Iron Condor Spread Mini Course Part Three

Part Three: The Risk of the Iron Condor Spread and How to Mitigate it.

So far we have talked about how the iron condor has great probability of success and can generate a decent return month after month.

In this section we are going to talk about what happens when things go wrong.

Most traders say that iron condor options trading is a conservative strategy. Others say it is very risky because you can lose a lot more than you can make.

It all depends on how you set up the condor spread. You can choose strikes that are way out of the money and that give you a 95% probability of success or you can choose strikes that are close to the money and give you a 40% chance of success. The closer your short strikes are to the money, the more your iron condor becomes a butterfly. A butterfly is also two credit spreads like a condor but close to the money.

As an example, let’s look at a condor spread that has an 80% probability of success. In our example we get a credit of $1.00 and the max we can lose is $9.0. So we can make $100 per spread or lose $900. As you can see you don’t have to lose too many times to lose all your money. Even if you win 9 times and lose once, you will be negative. And since the odds are saying you will win 8 times and 2 two times for every ten trades this is a losing proposition.

But no one said you have to lose the whole amount.

By using money management you can limit your losses in the months your condor spread is not going to make money. And yes, there are several months like that where no matter your adjustments, you are still going to lose unless you are willing to throw an endless supply and money at it and are willing to roll into other months.

Instead of letting our condor spreads go all the way to the max loss; let’s say we decide to limit our loss to 20%. For simplicity sake we will limit our loss in the example to $2. Once we enter the trade, we get $1. But if we are ever down $2 or $200 per spread then we exit the trade.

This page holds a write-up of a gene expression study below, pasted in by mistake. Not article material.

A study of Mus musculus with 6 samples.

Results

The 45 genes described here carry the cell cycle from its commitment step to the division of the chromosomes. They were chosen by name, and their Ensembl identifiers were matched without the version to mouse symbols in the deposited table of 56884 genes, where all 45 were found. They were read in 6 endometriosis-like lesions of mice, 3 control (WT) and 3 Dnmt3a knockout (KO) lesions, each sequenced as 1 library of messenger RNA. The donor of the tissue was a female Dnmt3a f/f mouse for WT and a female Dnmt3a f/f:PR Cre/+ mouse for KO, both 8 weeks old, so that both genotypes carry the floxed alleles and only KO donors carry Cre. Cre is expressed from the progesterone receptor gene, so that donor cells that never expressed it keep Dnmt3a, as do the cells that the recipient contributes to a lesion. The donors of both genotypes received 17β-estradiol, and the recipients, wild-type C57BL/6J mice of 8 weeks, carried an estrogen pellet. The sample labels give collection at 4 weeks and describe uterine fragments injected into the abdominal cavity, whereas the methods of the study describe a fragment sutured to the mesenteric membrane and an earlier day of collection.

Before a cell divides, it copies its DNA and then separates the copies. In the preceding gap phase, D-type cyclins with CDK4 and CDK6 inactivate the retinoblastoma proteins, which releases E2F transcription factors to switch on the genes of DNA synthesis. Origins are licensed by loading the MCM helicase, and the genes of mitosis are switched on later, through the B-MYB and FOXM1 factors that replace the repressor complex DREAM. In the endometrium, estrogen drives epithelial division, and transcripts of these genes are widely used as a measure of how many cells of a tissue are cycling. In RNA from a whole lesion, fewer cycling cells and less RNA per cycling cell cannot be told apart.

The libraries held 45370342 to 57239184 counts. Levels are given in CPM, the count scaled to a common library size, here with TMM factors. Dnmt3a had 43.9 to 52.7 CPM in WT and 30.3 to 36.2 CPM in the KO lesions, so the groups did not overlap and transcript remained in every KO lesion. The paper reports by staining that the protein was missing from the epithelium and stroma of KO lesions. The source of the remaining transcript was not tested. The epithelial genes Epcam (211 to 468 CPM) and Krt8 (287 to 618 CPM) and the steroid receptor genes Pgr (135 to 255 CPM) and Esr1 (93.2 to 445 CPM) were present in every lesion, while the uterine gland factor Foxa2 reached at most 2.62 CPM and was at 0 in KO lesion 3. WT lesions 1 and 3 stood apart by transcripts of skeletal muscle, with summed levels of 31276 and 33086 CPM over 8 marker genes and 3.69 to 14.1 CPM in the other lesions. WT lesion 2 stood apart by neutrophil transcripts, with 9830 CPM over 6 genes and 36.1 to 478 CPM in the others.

What about Stop Loss Orders?

You can use them. Place orders to buy back your spreads at whatever you decide as an acceptable max loss. That should help you sleep at night.

What about another 9/11 event?

The iron condor does well when the markets are flat. Or if they go in one direction then it works if the move is a slow on. A major event like a 9/11 event that makes the market move huge in one day can kill an iron condor trader.

Normally, these types of moves happen to the downside. If there is a nuclear explosion, or war, or earthquake, or anything similar, the markets will drop. As is the common phrase “Bulls go up the stairs. Bears go out the window.”

An iron condor trader can protect herself from such an event by buying Put insurance. You simply take some of the credit you get and buy enough put protection to protect yourself in case the word ends. With this insurance, if the markets go down enough you can still make money even if you lose the max on the condor spread.

Let’s recap our lesson on iron condor risk.

To mitigate the risk of getting to the max loss, you simply decide on an exit point. “When I am down ____ % or $_____ I will exit the trade and live to trade another day.”

Trading calls and puts

And to protect yourself from the end of the world, simply buy some Put(s) as insurance. How many puts and which puts is a matter of personal preference and depends on your trade size.

Onwards to Part Four…


  1. Jim Thelen on July 29, 2010 at 2:26 pm

    Is there a part 4 coming? You can talk about timing and how to determine the probability of success.

  2. Jason Wingfield on August 18, 2010 at 5:14 pm

    Do you actively use put protection on all, or most of your trades? Does it cut into profits much?

    Would you recommend buying puts below your condor “box” – since they are just for catastrophic protection and you want to minimize their cost?

    • Genius on August 20, 2010 at 11:33 am

      Sometimes I will. The main reason is to act as insurance when the underlying is not behaving properly. Especially when it is moving very quickly in one direction, rolling might not be the best option. In that case, buying a long option cuts your deltas down and that flattens the amount you can lose in the short term if the underlying keeps moving. You have to balance the cost of the insurance vs how much you are going to make in the trade. Spending up to 10% of your credit on insurance is not a bad idea. Especially when there is a risk of a large drop in the market. Some traders add the insurance when they get into the trade, I like to add it if needed when the trade is not going my way.

    • Genius on September 28, 2010 at 2:43 pm

      If I were to add a put or a call it would be to reduce the deltas of the trade. That way I can figure out exactly how many and of what strike to buy.

      I would use put protection as soon as I entered a trade if I felt that the markets were trending lower.

  3. David on February 2, 2020 at 6:40 am

    1 standard deviation = how many delta’s? When do you discuss this part of the trades?

    • Ameen Kamadia on February 3, 2020 at 3:10 pm

      The length of one standard deviation varies based on how volatile the underlying is at the moment.
      SD has to do with the underlying. Delta has to do with the option.